Belly of the Beast, 2017. acrylic on canvas, 8x8 inches

The Most Powerful Art is the Most Memorable

Whenever I come across a powerful work of art, it makes an impression on me. I can conjure it up perfectly in my mind decades later. The most powerful art tends to be the most memorable.

But why is that? I think it has to do with composition, emotional connection, recognizability, and complexity.

Powerful art has a strong sense of composition.

When art uses the rules of composition it comes off as very powerful. Especially when it uses one of the classic compositions with triangles and strong lines. What comes to mind for me is Jaques-Louis David’s “The Oath of the Horatii.” It’s a brilliant combination of static and dynamic composition. The columns in the background form a static rhythm in a rather theatrical space. I feel it would be easy enough for a stage crew to recreate this. The angles of the arms create a triangular form with the focal point close to the center of the canvas. I could keep going, but there are lots of triangles, which are inherently dynamic.

By Jacques-Louis David -, Public Domain,

Jacques-Louis David, 1784. Le Serment des Horaces (The Oath of the Horatii), oil on canvas. 329.8 cm × 424.8 cm (129.8 in × 167.2 in). Louvre, Paris. Source, public domain

Schematic showing compositional lines:

Schematic of the Oath of the Horatii

The most powerful art elicits an emotional connection.

I’ve talked about this in greater detail elsewhere, but is worth reiterating: art that offers an emotional connection is more memorable. It could be a positive emotional connection, or a negative connection. It doesn’t matter.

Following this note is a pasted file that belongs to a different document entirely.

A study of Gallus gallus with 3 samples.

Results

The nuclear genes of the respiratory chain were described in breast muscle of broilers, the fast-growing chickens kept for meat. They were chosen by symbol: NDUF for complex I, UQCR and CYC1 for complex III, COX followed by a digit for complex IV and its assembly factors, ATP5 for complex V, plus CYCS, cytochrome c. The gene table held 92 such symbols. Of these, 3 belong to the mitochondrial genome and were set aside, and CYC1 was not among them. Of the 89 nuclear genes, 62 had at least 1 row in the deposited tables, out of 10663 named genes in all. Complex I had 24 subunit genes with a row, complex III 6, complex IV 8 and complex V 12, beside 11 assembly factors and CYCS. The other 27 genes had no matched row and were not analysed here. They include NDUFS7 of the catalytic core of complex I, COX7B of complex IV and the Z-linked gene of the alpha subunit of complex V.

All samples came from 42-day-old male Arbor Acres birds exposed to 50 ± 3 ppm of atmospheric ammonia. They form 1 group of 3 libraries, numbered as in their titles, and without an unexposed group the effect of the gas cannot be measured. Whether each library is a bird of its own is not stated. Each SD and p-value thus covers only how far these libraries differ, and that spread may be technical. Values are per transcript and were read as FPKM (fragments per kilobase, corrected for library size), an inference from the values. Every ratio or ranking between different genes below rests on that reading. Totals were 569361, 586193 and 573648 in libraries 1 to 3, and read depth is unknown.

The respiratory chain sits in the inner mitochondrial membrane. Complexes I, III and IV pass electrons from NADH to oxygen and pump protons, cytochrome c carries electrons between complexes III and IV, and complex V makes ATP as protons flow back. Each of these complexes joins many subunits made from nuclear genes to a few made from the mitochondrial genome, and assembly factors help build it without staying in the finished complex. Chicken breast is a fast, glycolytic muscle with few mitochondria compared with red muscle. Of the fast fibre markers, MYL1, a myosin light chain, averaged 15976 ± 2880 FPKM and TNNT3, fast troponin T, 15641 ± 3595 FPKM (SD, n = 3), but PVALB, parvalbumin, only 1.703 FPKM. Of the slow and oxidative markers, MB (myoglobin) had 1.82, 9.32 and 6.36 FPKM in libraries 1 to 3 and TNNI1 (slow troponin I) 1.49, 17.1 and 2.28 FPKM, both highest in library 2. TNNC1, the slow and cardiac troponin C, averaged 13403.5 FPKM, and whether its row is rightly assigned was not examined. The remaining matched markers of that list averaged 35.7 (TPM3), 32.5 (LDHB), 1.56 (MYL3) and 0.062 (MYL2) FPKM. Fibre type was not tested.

If art does something to the viewer, if it moves the viewer at all, it’s succeeded, especially in art created since roughly 1880. Any sort of emotional connection is sufficient, just like the saying that there’s no such thing as bad publicity.

Powerful art can be boiled down to its essence and still be recognizable.

Real quick, sketch a doodle of Leonardo da Vinci’s “Mona Lisa.” You have 30 seconds.

I bet you drew a lady in three-quarter view from the elbows up with her hands crossed over her lap and a slight smirk on her face. If you’ve spent time studying it, you probably included the landscape behind her, or the delicate circlet on her forehead.

But the overall details are sufficient. The simplest version still tells you exactly what it is.

If you can do a napkin sketch of a famous artwork and people recognize it no matter how rough your doodle is, the original artwork is iconic enough at the most basic level. It succeeds at its simplest, lowest common denominator. This recognizability makes it memorable.

It’s a hard thing to pin down and predict, but once you know it, you know it.

Yet complexity keeps you interested.

One of my painting professors in college told me: “Complexity creates interest.” I’ve always tended toward simplicity, perhaps out of laziness. But Mr. Robinson was correct: those little details don’t let your eye go so fast. They give you something to look at. I mentioned “Mona Lisa” a moment ago. There are all kinds of details in the background, to the extent that thriller novels get written about arcane details in da Vinci paintings that are clues to unraveling some fantastic mystery.

Powerful art is complex enough that you don’t get bored looking at it. There’s enough detail to keep your eye interested and coming back to it.

Belly of the Beast, 2017. acrylic on canvas, 8x8 inches

Belly of the Beast, 2017. acrylic on canvas, 8 in. × 8 inches

Composition, emotional connection, recognizability, and complexity.

These are the things that make a work of art memorable and powerful. I try to include at least two of those in my paintings. Sometimes I succeed, sometimes I don’t. I always keep trying.

What’s an artwork that has been particularly memorable for you?